King Cakes are braided and iced cinnamon-roll style dough rings often associated with Mardi Gras and Carnival celebrations in New Orleans, Louisiana. It’s hard to believe that hundreds of years ago, this cake started out as a tough, dry bread with sugar on top and a lima bean inside. Now, the sweet king cake, named after the biblical three kings and associated with the start of Christian Lent (aka Fat Tuesday), is celebrated all over the world - from France to Latin America to Greece to Bulgaria.
In the New Orleans Carnival tradition, the cakes are glazed and then dusted with bright, colorful sugar in yellow, green and purple, said to stand for power, justice and faith, respectively. These are the colors of Mardi Gras and if you ever attend the big party in the Bayou, you’ll see them everywhere.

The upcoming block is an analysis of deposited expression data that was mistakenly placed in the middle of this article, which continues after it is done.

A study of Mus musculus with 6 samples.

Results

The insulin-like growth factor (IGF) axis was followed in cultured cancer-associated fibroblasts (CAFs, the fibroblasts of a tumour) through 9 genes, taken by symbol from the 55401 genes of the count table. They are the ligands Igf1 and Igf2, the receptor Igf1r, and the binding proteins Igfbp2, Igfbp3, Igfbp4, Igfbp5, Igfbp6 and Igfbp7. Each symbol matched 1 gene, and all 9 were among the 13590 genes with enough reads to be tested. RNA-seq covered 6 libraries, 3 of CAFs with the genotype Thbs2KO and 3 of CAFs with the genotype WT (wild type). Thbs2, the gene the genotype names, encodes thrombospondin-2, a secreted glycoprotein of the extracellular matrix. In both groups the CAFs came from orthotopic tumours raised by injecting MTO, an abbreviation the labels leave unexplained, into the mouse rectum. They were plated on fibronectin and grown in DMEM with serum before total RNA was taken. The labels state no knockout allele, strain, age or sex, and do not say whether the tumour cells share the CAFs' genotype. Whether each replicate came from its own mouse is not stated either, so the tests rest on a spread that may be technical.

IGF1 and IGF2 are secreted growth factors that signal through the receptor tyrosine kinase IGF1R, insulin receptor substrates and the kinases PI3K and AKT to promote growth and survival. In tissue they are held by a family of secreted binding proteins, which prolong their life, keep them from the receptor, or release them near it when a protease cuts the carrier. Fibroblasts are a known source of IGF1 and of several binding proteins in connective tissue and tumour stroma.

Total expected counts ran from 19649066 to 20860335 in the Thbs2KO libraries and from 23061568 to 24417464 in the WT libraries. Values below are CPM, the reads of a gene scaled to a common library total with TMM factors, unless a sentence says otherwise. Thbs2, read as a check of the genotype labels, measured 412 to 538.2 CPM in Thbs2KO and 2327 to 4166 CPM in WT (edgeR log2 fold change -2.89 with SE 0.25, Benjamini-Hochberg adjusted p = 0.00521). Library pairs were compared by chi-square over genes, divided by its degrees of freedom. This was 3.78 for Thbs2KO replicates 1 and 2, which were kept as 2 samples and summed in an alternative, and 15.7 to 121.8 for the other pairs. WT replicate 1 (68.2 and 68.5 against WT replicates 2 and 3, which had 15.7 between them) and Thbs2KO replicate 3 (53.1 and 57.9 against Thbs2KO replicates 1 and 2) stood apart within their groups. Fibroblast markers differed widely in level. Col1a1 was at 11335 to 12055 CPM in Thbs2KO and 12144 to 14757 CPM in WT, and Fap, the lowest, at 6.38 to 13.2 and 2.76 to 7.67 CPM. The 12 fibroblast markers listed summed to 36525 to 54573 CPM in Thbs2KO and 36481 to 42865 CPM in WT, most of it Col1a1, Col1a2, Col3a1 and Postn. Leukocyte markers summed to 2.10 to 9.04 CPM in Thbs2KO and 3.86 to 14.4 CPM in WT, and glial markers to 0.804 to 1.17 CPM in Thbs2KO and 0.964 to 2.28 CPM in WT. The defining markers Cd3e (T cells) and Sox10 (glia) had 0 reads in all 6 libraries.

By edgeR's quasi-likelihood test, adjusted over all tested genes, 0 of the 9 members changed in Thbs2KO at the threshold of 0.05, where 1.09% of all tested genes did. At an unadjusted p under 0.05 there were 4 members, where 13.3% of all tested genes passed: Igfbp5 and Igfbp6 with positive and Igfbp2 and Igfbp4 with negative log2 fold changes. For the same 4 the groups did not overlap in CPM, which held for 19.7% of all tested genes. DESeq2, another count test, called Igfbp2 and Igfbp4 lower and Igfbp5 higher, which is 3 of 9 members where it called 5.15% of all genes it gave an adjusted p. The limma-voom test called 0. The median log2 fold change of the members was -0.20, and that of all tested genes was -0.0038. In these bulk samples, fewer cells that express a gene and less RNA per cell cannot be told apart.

The cake is often adorned with a small plastic baby said to bring good luck to whomever is served the charm in their slice of cake, and this person then becomes the “king of the feast”. Some “house rules” say this means the king bakes the cake next year and for some it means they have to throw the next Mardi Gras party!
King cakes are big, bright and beautiful. The colors and traditions make it a LOT of fun to bake, serve and eat. While there are many different variations on the king cake recipe, the one below is based on the classic cinnamon roll-style found at most bakeries in New Orleans. Whether you choose to hide the baby inside the cake or under it is up to you, just make sure whoever finds it is ready to uphold the tradition next year.